The emergence of technology to serve nearly every facet of accounting and bookkeeping, though hastened by the COVID-19 pandemic, has created new concerns for accountants. Chief among them is how can you recognize new opportunities and, perhaps more important still, how can you capitalize on them?

28th Jul 2021

During their live session “Navigating the Future: Disruption Map Exercise to Future-Proof Your Firm,” Kacee Johnson, Senior Director of Strategy & Innovation at, and Lisa Simpson, the Vice President of Firm Services at the AICPA, offered accounting and finance professionals the tools to ensure they’re ready for the future. Here are just some of their suggestions, as well as considerations to keep in mind for your firm. Some may even sound familiar:

Move Away From Hourly Billing

You don’t pay for Netflix per TV show you watch, and we no longer pay our phone companies per text message. To be more specific:

“As a society, we like subscription models,” Kacee says. This is true for the clients of accounting firms as well. When you ask them to pay by the hour, this might actually limit the amount of services they choose to purchase from you because they’re worried about the time as it relates to the cost.

Although many accountants still offering hourly billing are concerned they’ll lose clients when they switch to a subscription model, research shows the opposite is actually true. They have higher client retention rates. Even the participants at the session agreed they had found this to be true in practice.

Rethink Using Time Sheets

Time sheets have long been used to record how many hours employees are working, and because they’re seemingly so innocuous, they’re often overlooked when it comes to future-proofing an accounting firm. But did you know, say Kacee and Lisa, that businesses that do away with time sheets actually have higher staff morale?

Also, consider this: Time sheets provide a measurable KPI; i.e. they show how efficient your firm is with time. However, this actually may be stifling innovation and narrowing your vision. Kacee and Lisa encourage you to consider what other metrics you could be looking at should you do away with time sheets. What other areas could you become more efficient in? This consideration may help you expand your service offerings and become more profitable.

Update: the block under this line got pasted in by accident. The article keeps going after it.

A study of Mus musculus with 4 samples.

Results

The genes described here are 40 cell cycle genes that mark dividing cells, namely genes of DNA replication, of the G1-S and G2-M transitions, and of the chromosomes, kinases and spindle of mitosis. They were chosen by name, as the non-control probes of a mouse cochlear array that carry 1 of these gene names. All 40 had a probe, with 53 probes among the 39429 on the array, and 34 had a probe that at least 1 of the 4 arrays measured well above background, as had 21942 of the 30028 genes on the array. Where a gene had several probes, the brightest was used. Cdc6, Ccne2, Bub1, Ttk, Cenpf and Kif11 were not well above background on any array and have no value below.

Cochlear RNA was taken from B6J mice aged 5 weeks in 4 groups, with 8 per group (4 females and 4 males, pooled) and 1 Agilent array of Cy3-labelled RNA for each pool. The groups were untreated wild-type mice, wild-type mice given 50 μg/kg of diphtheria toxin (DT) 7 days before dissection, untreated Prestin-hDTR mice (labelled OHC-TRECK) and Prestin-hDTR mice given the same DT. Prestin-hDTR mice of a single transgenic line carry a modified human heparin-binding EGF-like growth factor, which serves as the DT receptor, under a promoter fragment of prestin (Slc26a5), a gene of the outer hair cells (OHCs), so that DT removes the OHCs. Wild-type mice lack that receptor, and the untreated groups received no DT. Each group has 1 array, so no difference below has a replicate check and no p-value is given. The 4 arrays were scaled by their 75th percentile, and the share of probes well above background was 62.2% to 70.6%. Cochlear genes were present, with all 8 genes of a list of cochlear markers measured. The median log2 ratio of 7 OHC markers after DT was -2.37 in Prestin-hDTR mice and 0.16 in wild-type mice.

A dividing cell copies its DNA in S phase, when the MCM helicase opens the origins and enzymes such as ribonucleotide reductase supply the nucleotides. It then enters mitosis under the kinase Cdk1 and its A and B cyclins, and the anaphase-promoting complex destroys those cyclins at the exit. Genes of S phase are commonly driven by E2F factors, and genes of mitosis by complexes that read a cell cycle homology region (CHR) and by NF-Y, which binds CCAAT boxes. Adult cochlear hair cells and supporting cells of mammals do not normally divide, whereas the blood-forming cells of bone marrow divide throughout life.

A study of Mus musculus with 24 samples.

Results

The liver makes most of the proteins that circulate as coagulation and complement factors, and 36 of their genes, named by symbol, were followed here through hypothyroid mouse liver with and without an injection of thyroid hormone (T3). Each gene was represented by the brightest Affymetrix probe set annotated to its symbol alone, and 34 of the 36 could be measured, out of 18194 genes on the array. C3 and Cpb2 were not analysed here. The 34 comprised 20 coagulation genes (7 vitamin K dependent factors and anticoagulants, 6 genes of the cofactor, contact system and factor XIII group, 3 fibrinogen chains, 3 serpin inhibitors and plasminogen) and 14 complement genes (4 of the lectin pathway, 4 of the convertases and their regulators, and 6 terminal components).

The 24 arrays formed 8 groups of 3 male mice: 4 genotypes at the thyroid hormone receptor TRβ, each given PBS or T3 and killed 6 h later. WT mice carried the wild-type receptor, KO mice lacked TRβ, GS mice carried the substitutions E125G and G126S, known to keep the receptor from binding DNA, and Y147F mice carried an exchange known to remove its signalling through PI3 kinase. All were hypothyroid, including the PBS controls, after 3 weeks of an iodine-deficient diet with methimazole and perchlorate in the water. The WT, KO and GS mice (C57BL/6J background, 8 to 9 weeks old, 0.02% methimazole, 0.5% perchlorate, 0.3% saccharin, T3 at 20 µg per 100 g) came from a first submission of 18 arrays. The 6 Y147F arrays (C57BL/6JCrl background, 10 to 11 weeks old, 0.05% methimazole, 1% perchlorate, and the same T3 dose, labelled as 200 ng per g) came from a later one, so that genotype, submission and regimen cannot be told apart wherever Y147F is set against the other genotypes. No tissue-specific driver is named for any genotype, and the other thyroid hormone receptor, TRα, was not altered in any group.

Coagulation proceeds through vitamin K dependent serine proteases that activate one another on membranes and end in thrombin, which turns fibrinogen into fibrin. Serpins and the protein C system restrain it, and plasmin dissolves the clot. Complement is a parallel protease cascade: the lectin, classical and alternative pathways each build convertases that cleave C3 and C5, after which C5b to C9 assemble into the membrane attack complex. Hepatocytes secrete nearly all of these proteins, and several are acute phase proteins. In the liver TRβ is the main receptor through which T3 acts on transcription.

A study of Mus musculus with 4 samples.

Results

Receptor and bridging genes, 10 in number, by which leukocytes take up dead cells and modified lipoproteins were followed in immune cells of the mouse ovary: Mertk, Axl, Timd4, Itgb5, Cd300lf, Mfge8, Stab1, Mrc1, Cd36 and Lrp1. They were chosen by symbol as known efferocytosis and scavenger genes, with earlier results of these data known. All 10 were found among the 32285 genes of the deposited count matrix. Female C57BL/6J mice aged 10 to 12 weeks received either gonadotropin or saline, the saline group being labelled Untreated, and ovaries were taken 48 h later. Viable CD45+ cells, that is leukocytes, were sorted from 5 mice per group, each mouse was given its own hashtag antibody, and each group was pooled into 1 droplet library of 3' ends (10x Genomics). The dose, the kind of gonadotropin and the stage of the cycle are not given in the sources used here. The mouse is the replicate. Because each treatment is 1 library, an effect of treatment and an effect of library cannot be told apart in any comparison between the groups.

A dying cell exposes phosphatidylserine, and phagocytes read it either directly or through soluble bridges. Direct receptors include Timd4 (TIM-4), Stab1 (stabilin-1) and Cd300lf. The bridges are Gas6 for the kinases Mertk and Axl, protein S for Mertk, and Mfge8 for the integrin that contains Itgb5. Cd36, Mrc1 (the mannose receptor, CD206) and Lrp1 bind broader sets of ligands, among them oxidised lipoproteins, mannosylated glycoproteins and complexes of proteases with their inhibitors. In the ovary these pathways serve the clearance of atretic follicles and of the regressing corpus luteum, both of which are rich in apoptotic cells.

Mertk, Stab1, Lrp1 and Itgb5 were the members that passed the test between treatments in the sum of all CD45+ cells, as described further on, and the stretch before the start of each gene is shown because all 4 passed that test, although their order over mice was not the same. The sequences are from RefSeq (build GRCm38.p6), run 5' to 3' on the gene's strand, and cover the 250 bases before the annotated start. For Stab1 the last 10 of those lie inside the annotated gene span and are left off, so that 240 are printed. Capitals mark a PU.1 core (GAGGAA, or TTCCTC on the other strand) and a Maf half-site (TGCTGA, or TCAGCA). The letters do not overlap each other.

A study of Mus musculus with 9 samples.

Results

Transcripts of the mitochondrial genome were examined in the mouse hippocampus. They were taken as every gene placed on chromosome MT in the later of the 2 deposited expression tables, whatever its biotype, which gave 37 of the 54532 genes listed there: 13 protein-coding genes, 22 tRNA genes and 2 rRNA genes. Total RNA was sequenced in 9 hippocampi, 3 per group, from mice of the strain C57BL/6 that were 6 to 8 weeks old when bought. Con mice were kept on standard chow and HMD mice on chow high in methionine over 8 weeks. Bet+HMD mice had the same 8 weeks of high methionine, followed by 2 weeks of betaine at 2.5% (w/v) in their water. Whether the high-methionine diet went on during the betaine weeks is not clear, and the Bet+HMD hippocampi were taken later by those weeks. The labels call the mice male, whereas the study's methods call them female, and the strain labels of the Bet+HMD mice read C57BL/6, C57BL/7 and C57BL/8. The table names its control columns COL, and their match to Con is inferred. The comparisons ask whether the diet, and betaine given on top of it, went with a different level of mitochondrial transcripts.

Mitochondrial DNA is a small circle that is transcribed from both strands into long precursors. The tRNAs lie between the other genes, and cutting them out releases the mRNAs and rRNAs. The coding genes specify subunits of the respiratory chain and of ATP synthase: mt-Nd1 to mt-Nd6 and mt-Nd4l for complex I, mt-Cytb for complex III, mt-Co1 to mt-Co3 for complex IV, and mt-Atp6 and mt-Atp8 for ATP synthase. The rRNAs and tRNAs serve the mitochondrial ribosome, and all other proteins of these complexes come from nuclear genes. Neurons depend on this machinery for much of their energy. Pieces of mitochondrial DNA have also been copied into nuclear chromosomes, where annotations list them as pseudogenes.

Take a Critical Look at Your Employees and Their Skill Sets

Simply put, hourly billing stifles innovation. Generally, this is because it affects billable hours, and firm leaders whose profits are directly affected by how much work gets done per hour don’t want anybody spending time doing anything else.

Firms that want to thrive in the future, however, should encourage innovation. Review the skill sets of your employees and find out what they can bring to the table. Understanding the strengths your team has will help you figure how out they can contribute if you’re considering expanding the services you currently offer to your clients.

This will also show you where additional training is needed. If you’re changing your service offerings, Lisa says, you’ll need to ensure you have the appropriate staff and figure out where there are training gaps.

Consider Your Space

Whether you’re currently working in an office with your staff members and taking in-person client meetings or considering staying mostly remote, you need to think about your space. Does your current office space have the capacity to support more employees if you’re hiring (or more clients, if you’re expanding your client base)?

Alternately, if you’re downsizing, could you be saving money by getting a smaller office or doing away with it altogether? For those who are considering hiring more employees to work remotely, location is key.

Kacee and Lisa recommend deciding if you’d like to look for a location that has highly skilled taken or if you’d prefer to hire remote employees who are near large client pools before you take any steps forward. Firms that are prepared for the future are flexible and willing to ask themselves these questions.

If you find yourself going in circles or vacillating between pros and cons, Kacee and Lisa both recommend making a disruption map. Start by writing down what needs to change and what it could possibly lead to, both good and bad. This will help you visualize your thoughts and see the future more clearly.